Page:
Paradox of Liberty & the Founding of America
The paradox of the American Revolution―the fight for liberty in an era of widespread slavery―is embedded in the foundations of the United States. The tension between slavery and freedom—who belongs and who is excluded—resonates through the nation’s history and spurs the American people to wrestle constantly with building “a more perfect Union.” This paradox was embedded in national institutions that are still vital in the nation to this day.
Thomas Jefferson helped to create a new nation based on individual freedom and self-government. Yet over the course of his life, Jefferson himself enslaved 609 Black people. Their labor and service provided him personal liberty and wealth. Like Jefferson, 12 of the first 18 American presidents enslaved Black people. The Declaration did not extend "Life, Liberty, and the pursuit of Happiness" to all Americans, undermining the ideal that "all men are created equal."
In June 1776, as the colonies moved towards war and revolution, the Continental Congress appointed a committee of six men to draw up a statement about why independence was necessary. Thomas Jefferson took the lead, and the committee revised his work. Jefferson labored to define what freedom was and why separation from England was necessary. As an enslaver of Black people, tyranny was not an abstract idea to Jefferson.
Jefferson included discussions of slavery in the rough draft of the Declaration of Independence. But the drafting committee cut the subject from the document rather than call attention to the contradiction that slavery existed in a land founded on independence.
Determined to keep open a market where MEN should be bought & sold, . . . [The King] is now exciting those very people to rise in arms among us.
Draft of the Declaration of Independence, 1776
Thomas Jefferson wrote justifications for both American independence and racial inequality. Americans return to his ideas to explore the place of slavery and racial discrimination in the United States. Jefferson kept a Farm Book to manage his property, recording the work, births, and deaths of enslaved people. The people he claimed as property include six of his enslaved children and their mother, Sally Hemings. His children inherited, by law, the status of their enslaved mother, who was about 17 at the birth of her first child with Jefferson.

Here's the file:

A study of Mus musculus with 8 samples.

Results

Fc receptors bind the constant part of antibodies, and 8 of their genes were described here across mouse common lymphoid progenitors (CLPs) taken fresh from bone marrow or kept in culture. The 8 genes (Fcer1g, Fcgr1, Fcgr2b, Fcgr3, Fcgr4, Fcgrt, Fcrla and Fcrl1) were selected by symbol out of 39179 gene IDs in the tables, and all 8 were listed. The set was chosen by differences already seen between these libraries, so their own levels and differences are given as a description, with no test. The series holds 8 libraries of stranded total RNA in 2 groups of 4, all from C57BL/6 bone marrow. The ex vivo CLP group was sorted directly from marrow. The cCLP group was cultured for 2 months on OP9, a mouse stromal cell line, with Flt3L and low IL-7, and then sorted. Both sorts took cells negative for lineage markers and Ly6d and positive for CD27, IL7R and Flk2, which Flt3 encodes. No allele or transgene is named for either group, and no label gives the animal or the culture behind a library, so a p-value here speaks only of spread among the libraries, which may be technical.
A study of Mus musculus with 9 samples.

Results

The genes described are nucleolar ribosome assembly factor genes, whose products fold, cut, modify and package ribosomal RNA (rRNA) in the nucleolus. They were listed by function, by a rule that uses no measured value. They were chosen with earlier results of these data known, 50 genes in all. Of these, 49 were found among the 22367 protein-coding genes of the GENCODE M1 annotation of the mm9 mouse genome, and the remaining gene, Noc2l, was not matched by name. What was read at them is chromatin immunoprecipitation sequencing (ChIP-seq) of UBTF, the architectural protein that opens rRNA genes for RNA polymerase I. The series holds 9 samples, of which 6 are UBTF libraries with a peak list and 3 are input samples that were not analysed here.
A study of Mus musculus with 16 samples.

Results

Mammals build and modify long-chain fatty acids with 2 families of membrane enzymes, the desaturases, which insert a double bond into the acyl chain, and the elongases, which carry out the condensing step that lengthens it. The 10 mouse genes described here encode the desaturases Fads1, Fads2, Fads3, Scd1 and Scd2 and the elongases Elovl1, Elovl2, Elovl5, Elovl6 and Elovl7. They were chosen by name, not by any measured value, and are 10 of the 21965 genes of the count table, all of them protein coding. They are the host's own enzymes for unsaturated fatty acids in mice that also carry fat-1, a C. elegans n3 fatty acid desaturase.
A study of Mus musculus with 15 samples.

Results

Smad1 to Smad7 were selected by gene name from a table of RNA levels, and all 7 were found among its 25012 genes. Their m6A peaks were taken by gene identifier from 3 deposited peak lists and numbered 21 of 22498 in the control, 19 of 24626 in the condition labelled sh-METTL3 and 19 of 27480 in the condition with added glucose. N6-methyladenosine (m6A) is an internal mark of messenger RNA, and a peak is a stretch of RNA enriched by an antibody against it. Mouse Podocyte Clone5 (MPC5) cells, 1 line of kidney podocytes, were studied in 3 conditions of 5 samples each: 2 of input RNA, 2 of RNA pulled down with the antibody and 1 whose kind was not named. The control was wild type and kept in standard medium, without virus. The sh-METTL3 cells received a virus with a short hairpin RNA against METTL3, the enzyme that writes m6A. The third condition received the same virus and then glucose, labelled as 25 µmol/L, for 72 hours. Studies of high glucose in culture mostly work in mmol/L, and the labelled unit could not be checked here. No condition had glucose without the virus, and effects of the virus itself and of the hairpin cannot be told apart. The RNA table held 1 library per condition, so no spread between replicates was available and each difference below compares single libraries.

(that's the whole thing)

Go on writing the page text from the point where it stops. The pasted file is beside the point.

Jefferson understood that the African Americans he enslaved produced his wealth and provided him the leisure to read, write, and govern. Slavery was woven into his daily life, as were its contradictions. Most notably, Jefferson had enslaved his own children, the product of a long relationship with Sally Hemings, a woman he enslaved. They inherited their slave status from their young mother.
While Jefferson did not permit the use of shackles on his plantations, slavery was enforced by other means.
Monticello was Thomas Jefferson’s home outside Charlottesville, Virginia. About 130 enslaved men, women, and children lived and worked on the estate, which comprised 5,000 acres divided into four farms. Farm laborers lived near the fields where they worked. Domestic workers and artisans lived in log dwellings or in rooms under the main house. Jefferson’s needs and interests dominated their lives, but many enslaved people at Monticello made a way out of no way and sustained their families.
Recent excavations in the slave quarters at Monticello reveal aspects of daily life among the enslaved. Homes promised a bit of privacy away from overseers and a chance to teach and care for family members. Though enslaved people were forbidden to read or write, lead pencils and slates were found beneath their homes.
During Jefferson’s presidency, Edith Hern Fossett, Joseph’s wife, was sent to the White House in Washington, D.C., to learn French cooking. When Jefferson retired, Fossett became head chef at Monticello. She and seven of their children were sold upon Jefferson’s death. Her husband was freed.